Tuesday, March 9, 2021

Writer's Life: Education (Sarah Sawyer)

Excellence in writing craft matters a great deal to me, as I suspect it does to most writers, and I hope to grow and improve with each book. Of course, the most important educational process comes from the act of writing itself, of birthing a book, editing, and refining it. But I’ve also found great benefit in reading craft books (and excellent novels), listening to podcasts, and taking courses.

Even in seasons with limited time, there are often creative ways to squeeze in a bit of professional development, whether through listening to a podcast while doing dishes (in my home this only works after the kids are in bed, otherwise there’s constant conversation!) or squeezing in a few minutes here and there to work through a craft book (late night nursing sessions, anyone?).

Many resources I’ve found through the recommendation of other writers, so I’d like to share five favorites with you—and I’d also love to hear which books you’ve found particularly helpful. 

  • The Emotional Craft of Fiction and The Fire in Fiction by Donald Maass. I’ve read several of Donald Maass’s books, and these two definitely impacted me most. Maass brings his experiences as a reader, writer, and literary agent together to offer insightful and informative works. I love how these two books focus on the emotional experience of fiction and how to provoke that in a reader, examine the deeper elements of storytelling, and provide questions to spark creativity and reflection.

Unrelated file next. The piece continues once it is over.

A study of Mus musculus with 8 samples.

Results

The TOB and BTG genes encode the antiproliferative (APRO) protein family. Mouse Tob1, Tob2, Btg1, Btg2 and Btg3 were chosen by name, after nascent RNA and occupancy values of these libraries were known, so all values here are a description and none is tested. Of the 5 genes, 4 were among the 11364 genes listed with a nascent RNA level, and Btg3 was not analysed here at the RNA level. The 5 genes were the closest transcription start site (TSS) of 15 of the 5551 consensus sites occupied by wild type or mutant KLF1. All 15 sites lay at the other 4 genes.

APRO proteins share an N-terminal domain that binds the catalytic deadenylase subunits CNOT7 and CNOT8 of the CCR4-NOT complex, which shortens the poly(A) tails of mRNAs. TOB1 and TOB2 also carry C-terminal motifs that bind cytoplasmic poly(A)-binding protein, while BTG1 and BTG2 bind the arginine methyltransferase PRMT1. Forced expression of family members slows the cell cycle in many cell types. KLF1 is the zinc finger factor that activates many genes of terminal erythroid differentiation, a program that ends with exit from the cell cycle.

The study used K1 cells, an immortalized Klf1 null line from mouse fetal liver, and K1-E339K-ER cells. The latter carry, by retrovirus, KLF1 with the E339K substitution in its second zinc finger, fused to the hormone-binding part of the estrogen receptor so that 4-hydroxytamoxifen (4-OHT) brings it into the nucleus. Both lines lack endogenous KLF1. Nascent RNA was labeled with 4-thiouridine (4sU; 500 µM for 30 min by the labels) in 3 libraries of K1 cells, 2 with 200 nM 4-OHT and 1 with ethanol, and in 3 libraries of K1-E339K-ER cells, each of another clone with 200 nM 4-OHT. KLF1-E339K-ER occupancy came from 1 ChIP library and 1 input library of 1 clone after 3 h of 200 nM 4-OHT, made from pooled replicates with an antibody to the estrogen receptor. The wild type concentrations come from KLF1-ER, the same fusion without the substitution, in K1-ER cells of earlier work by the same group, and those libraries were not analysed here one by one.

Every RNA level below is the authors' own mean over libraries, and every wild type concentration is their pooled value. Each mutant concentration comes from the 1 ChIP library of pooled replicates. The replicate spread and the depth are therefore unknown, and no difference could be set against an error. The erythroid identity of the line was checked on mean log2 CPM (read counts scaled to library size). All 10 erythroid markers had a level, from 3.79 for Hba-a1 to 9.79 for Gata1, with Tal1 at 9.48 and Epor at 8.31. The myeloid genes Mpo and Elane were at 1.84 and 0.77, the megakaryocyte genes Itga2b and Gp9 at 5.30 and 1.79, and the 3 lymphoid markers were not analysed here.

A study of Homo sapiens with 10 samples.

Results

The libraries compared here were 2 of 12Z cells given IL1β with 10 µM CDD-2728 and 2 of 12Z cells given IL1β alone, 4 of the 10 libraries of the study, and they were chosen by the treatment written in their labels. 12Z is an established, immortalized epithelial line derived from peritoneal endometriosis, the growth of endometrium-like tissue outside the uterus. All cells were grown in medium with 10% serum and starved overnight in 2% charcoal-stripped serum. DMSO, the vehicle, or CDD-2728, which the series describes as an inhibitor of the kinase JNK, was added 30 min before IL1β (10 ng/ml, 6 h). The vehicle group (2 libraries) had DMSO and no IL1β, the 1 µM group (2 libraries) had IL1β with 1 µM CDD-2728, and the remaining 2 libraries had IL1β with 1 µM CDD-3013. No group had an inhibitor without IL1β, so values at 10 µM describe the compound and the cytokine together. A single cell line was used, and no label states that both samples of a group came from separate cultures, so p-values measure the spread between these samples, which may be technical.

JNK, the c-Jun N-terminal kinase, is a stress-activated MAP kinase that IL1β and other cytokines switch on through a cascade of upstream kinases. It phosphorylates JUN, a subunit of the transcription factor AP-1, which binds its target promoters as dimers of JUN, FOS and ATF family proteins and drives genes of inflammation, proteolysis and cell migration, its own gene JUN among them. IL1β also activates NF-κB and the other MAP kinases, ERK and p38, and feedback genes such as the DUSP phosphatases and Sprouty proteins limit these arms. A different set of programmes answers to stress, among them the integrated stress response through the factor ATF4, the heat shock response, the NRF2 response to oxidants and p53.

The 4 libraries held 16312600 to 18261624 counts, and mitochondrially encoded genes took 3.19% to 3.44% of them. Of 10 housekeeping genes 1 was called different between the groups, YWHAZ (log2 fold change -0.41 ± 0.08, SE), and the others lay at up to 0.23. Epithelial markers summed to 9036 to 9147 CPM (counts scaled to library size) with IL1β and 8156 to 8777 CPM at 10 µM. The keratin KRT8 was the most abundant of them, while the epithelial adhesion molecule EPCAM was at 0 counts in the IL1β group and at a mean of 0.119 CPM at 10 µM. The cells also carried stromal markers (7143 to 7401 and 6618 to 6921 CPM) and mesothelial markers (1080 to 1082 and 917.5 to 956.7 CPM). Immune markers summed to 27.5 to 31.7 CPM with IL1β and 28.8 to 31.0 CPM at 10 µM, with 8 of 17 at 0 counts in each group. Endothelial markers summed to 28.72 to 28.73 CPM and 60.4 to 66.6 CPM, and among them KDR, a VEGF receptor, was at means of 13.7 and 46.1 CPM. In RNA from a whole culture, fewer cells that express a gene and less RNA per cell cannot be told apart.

• Structuring Your Novel and Creating Character Arcs by K.M. Weiland. These two compliment each other nicely, one focusing more on the external elements of plot, and the other focused on the inner journey. I started my writing life as a pantster, but over the years evolved into a plotter, and K.M. Weiland’s books and website provided a springboard for developing and refining my own outlining methods. I appreciate the practical way she breaks down various elements of craft, structure, and storytelling. While I read these years ago, I still refer to them from time to time. 
  • How to Write a Series by Sara Rosett. I wanted to include this one because it covers a topic I don’t often see discussed. Relatively few resources exist on the topic of series, and those that do often carry the underlying assumption that the series will be a trilogy, but I favor (and write) longer series which benefit from a different approach. I appreciate that Sara examines different aspects of what makes a long-running series work and provides questions to consider when undertaking projects that will stretch over many books. She writes from the perspective of a hybrid author with experience in both the traditional and indie arenas, so that’s an extra bonus.

Now it’s your turn…what writing craft or business books do you recommend?